Which marketing attribution model is right for your business?

The Drum 12 Jun 2019 12:10
By George Karapalidis -12 June 2019 13:10pm

The marketing sector can be a complicated place as new marketing tools and techniques are launched, almost on a weekly basis. Powered by The Drum Network, this regular column invites The Drum Network's members to demystify the marketing trade and offer expert insight and opinion on what is happening in the marketing industry today that can help your business tomorrow.

Vertical Leap simplify various marketing attribution models so marketers which would be most suitable for their business.

Your marketing data tells a completely different picture depending on which angle you examine it from. Your latest content marketing initiative may look bleak if you look at it in the vacuum: it may not bring direct sales. But if you move one step ahead or back, you might notice that it has actually contributed indirectly to conversions. Customers came to your blog from organic search and later converted via email.

Attribution Models: Quick Definition

The six standard attribution models

First Interaction attribution (also "first click) does the opposite to the previous model: it gives 100% of the credit to the first interaction. This model is a good way to measure demand generation and pit several acquisition channels against one another to determine the best one. But the model is short-sighted when it comes to omnichannel digital marketing campaigns and of little use to businesses with long sales cycles.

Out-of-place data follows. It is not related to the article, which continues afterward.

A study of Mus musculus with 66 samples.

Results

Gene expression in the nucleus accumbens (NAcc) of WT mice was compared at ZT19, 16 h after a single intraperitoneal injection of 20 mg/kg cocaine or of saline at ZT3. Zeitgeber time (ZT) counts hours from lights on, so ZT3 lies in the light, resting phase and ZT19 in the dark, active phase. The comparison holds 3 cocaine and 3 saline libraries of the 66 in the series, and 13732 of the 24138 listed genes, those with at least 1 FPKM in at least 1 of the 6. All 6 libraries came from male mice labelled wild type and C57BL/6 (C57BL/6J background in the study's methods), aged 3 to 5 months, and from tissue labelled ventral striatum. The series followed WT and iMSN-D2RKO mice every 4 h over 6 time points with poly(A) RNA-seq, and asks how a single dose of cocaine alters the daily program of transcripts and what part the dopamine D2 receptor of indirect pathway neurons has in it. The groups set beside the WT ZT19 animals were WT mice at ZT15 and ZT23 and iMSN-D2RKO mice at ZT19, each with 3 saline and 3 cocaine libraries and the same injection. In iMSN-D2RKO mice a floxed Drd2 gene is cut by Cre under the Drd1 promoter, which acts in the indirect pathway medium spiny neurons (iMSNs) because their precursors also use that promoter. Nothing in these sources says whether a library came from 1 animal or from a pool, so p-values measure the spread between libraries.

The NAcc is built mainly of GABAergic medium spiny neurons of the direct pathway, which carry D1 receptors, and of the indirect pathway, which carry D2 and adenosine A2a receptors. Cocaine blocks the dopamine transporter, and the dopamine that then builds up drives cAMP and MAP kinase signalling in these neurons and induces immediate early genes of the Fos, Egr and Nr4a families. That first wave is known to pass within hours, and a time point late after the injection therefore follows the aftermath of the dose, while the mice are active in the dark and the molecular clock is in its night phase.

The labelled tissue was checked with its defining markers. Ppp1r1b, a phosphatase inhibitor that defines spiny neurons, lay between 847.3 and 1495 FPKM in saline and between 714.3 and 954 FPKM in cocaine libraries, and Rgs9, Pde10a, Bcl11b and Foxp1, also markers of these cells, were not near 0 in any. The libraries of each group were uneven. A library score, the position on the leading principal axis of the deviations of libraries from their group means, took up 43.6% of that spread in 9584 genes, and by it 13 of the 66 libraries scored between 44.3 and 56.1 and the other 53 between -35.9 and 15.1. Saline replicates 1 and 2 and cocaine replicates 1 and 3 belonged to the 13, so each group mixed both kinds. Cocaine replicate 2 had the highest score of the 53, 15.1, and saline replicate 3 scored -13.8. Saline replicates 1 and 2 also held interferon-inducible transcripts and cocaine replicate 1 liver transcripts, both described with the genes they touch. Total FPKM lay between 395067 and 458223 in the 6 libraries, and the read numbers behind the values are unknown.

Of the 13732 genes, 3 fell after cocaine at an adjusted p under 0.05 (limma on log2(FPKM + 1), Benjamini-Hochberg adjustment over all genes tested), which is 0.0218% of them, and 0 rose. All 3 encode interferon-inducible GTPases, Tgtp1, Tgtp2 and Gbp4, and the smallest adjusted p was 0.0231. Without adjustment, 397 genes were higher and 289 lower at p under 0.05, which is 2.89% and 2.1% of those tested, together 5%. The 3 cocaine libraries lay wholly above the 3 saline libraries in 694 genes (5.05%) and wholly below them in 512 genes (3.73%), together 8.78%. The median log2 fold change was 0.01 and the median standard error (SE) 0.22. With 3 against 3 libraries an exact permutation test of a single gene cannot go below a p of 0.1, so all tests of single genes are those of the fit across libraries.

Position based attribution assigns 40% of the credit to first and last touchpoints and splits the remaining allocation between the other encounters a customer had with your brand. This way you can do more CRO for the two main channels, as well as gain visibility into the interim touchpoints. But the emphasis on the first/last channel may not realistically represent your business cycles. For instance, a prospect could have landed to your website via a random social media link, but later reactivated with a personalised email offer or a webinar. Without those nudges, she wouldn’t be “sold”.

Custom attribution modelling. Each of these five models can be upgraded with additional rules to match your business needs. Also, you can benchmark them against one another using the Google Model Comparison Tool. By reconciling analytics data you can distil additional insights and improve visibility into customer journeys to some extent. But you cannot completely change the credit allocations suggested by different types of models.

Instead of using the standard models, your company can opt to develop a data-driven attribution model.

You can obtain real-time insights into how different channels are performing, what creative assets play the most important roles and which campaigns are bringing in steady ROI. Such models can be further enhanced with predictive analytics. In this case, algorithms will be able to estimate the performance of certain campaigns; pinpoint where optimisation should be applied and suggest when to double up or pipe down spending on a certain campaign.

George Karapalidis is a data scientist at Vertical Leap.